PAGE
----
By Esther Blair
Studying seems like a pretty straightforward process, common sense even. But look back at what you learned and try to remember it. Strategies such as highlighting, rereading, cramming, and repeating key skills turn out to be ineffective ways to learn and retain information, according to research.
Psychologists have come up with several proven strategies to help teach students to learn and retain information more effectively.
Dual Coding: Combine words and visuals
Linking visual elements such as a chart, graph or image with the information being presented can help reinforce learning.
“And when we say visuals,” Megan Smith, Cognitive Scientist and co-founder of The Learning Scientists explains, “we don’t necessarily mean anything specific, so it depends on the types of materials. You could have an infographic, a cartoon strip, a diagram, a graphic organizer, timeline, anything that makes sense to you so long as you’re depicting the information both in a way with words and a way with pictures.”
Make a point of connecting visuals to learning material and allow students to create their own images and charts from the content to reinforce the information even further.
Retrieval Practice: Practice bringing information to mind without the help of materials
A lot of students think of studying as simply re-reading notes, PowerPoints, textbooks, or other materials. But having the information right in front of us doesn’t force us to retrieve it from memory.
Decades of research have shown that making yourself recall information helps strengthen your long-term learning, says Henry Roediger, Ph.D., a psychologist at Washington University in St. Louis.
Teach students how to put this into practice- have them put away their devices, notes and books, and have them write out or discuss in groups everything they know or remember about a topic. When they are done, have them check their material for accuracy and discuss any questions or misconceptions in class.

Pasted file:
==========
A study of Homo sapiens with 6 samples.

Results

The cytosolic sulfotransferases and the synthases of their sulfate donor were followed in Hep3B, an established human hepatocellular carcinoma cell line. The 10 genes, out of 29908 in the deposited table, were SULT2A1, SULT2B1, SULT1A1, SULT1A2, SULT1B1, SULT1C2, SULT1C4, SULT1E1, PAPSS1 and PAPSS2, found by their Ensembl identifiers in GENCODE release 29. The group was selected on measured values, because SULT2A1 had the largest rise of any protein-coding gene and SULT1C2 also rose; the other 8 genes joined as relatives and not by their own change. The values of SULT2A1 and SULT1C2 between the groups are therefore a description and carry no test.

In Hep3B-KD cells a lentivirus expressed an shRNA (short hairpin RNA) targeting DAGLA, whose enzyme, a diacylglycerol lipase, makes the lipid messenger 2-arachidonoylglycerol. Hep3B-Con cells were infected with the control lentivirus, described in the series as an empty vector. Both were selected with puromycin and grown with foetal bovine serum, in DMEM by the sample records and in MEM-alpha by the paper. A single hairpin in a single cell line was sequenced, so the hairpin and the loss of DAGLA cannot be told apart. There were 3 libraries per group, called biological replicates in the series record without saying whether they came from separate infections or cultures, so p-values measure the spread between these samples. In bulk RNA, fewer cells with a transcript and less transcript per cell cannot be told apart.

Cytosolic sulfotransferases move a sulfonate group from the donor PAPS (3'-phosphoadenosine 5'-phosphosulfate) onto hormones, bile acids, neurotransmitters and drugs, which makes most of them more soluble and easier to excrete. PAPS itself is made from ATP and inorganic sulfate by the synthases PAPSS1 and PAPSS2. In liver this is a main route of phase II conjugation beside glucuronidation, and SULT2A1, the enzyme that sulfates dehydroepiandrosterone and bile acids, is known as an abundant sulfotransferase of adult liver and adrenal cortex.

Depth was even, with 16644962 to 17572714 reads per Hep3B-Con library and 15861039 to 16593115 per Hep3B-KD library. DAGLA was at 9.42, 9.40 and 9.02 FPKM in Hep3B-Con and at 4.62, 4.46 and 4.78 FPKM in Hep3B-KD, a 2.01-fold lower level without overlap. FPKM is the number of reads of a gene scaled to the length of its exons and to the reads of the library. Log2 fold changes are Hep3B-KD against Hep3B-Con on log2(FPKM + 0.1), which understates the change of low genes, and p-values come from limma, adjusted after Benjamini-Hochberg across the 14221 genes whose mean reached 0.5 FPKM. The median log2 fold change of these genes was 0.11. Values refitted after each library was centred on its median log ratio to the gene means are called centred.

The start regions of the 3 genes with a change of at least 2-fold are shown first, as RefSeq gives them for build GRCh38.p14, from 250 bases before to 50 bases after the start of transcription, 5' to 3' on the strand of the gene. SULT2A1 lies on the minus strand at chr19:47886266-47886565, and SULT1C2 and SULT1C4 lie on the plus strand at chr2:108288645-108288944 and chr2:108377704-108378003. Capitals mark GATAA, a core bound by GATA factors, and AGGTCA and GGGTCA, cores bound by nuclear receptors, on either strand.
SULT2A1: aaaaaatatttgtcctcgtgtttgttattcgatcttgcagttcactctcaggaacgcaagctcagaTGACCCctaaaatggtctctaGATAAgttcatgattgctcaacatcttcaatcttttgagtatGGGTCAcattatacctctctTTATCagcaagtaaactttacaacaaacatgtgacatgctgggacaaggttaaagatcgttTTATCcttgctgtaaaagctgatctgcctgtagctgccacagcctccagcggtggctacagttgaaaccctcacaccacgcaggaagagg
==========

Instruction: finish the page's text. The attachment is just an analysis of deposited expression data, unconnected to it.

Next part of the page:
Interleaving: Switch between ideas while you study
While practicing new skills is important to learning, research says we will actually learn a skill more effectively if we mix our practice of one skill with other skills.
In one study published in Psychological Science in 2008, psychologist Robert Bjork, Ph.D. notes that “interleaving forces students to notice and process the similarities and differences among the things they’re trying to learn, giving them a better, deeper understanding of the material.”
This strategy may be difficult for teachers to implement during lectures or lessons, but students can certainly make use of it during their own study time.
Spaced Practice: Space out your studying over time
Cramming is not a great study strategy, as many of us know well. Spacing out information over time makes for greater retention of material.
Teachers can help students apply this strategy by assisting them in putting together a studying calendar to plan out how and when they will review chunks of content, and by designated time in class each day for review.
Want to learn more? Visit http://www.learningscientists.org/ to access free resources such as podcasts and printables to learn more about effective study strategies. New content is added continuously!